Tips and Tools for Better Document Management
July 9, 2014 : Kristin ShawLeer en español
Paper storage isn’t bad, however, it can be difficult to manage – since it requires physical space – and is a little risky because of its propensity to be damaged, lost or stolen.
Understand that no form of storage is perfect. In fact, experts recommend that you keep important documents like these stored in at least two, preferably three, places.
H&R Block has you potentially covered with one.
If you use a “My H&R Block” online account, it will store your tax return for three years.
For a secondary option, it’s good to have a “physical” storage option.
This could be paper, or it could be digital copies of all the necessary tax documents stored on a USB drive, a hard drive, a CD or DVD. Despite being digital copies, these are physical storage options that will exist as long as they are in your possession. (Although you should note that these devices also tend to have “lives.” At some point they will likely fail or no longer work.)
Which brings us to cloud storage.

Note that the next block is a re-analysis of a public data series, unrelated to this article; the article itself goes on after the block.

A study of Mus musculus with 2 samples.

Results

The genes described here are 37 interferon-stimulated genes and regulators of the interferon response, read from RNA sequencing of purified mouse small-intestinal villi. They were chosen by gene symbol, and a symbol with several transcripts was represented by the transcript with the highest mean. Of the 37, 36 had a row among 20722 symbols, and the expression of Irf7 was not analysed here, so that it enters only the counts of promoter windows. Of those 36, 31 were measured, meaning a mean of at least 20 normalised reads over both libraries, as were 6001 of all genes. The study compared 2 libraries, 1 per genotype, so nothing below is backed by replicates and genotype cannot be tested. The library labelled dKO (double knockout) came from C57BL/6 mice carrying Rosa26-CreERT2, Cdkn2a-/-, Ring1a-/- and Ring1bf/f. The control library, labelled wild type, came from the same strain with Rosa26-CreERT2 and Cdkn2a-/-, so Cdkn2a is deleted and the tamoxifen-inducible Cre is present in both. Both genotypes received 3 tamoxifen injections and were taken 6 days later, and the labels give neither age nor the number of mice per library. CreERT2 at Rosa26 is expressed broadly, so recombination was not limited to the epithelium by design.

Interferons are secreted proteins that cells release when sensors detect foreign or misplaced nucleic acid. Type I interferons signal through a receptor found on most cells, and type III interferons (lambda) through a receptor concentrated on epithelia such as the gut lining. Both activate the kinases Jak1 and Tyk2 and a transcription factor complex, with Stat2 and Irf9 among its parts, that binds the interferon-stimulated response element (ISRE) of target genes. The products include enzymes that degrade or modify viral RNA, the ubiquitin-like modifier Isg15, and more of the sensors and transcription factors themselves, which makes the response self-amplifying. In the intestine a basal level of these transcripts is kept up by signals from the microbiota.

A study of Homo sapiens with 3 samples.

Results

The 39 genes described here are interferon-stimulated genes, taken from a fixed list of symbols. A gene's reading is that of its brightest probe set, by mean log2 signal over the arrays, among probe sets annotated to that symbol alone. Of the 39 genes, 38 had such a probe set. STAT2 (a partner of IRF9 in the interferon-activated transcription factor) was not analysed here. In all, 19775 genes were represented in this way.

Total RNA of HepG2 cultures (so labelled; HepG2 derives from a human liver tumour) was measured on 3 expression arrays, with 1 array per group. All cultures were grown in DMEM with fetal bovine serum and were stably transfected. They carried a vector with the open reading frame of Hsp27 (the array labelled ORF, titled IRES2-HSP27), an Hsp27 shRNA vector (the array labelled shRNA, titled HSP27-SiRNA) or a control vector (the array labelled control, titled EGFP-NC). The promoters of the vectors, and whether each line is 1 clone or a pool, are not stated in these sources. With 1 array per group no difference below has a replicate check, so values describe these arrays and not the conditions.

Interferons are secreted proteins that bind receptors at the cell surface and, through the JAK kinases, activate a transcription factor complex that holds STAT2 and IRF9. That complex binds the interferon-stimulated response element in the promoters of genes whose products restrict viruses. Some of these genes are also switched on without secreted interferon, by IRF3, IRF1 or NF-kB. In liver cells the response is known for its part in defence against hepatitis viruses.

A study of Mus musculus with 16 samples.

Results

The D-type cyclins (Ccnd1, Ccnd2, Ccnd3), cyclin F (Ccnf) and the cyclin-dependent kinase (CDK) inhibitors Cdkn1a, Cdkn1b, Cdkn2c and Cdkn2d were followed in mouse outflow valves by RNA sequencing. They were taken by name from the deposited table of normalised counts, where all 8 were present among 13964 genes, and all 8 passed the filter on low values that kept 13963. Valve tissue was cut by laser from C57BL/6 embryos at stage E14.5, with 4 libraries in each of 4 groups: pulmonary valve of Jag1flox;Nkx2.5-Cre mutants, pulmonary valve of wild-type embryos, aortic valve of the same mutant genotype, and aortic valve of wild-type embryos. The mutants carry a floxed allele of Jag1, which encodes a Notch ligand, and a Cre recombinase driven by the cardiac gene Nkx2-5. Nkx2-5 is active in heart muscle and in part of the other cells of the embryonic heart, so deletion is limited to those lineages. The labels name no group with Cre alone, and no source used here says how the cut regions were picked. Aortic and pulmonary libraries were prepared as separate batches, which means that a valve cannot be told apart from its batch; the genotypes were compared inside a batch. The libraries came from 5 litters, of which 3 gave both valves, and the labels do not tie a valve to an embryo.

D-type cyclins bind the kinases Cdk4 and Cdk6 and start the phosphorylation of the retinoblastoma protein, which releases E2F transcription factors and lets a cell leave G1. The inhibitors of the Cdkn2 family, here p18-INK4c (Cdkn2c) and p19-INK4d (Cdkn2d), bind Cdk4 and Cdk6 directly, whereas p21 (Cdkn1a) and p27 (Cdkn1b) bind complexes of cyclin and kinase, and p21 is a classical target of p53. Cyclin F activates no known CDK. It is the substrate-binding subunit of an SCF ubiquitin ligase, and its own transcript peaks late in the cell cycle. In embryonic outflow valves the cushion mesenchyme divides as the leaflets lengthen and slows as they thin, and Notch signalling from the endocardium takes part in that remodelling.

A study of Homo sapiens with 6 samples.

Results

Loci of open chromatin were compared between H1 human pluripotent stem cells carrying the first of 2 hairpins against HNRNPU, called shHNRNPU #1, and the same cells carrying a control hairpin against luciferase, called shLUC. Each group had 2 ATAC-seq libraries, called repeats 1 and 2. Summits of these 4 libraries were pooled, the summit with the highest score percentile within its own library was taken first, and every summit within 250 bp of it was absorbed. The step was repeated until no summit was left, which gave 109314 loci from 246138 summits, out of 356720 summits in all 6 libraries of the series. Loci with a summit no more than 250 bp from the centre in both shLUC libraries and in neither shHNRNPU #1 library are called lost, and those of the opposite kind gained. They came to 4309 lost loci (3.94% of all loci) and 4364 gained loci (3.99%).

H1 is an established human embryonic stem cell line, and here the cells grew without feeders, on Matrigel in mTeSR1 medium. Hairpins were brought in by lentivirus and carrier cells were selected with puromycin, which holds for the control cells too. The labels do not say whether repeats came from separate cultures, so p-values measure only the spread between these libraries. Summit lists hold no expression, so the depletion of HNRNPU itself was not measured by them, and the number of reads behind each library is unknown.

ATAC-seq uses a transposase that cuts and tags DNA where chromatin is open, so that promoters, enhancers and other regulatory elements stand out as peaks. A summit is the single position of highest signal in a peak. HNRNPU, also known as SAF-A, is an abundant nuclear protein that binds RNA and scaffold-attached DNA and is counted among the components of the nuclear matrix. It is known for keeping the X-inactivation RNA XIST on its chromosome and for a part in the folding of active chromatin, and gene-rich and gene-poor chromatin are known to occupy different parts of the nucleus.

Putting your documents in digital cloud storage means that they are accessible from anywhere and immune to some of the perils of physical storage. You should keep in mind though that these cloud services are not always permanent. Companies shut down, Internet services can be hacked and credentials can be lost. So while this is probably the ideal option for storage, it’s also best to have some kind of backup too.
Within cloud storage there are a few options. One is pure-play cloud services which are chiefly interested in storing data. You typically have to use your own scanner or computer to digitize the necessary documents and then upload for storing.
There are also a number of desktop and mobile apps that are concerned with helping you capture, store and organize this kind of data. These will do more of the work for you, in a sense.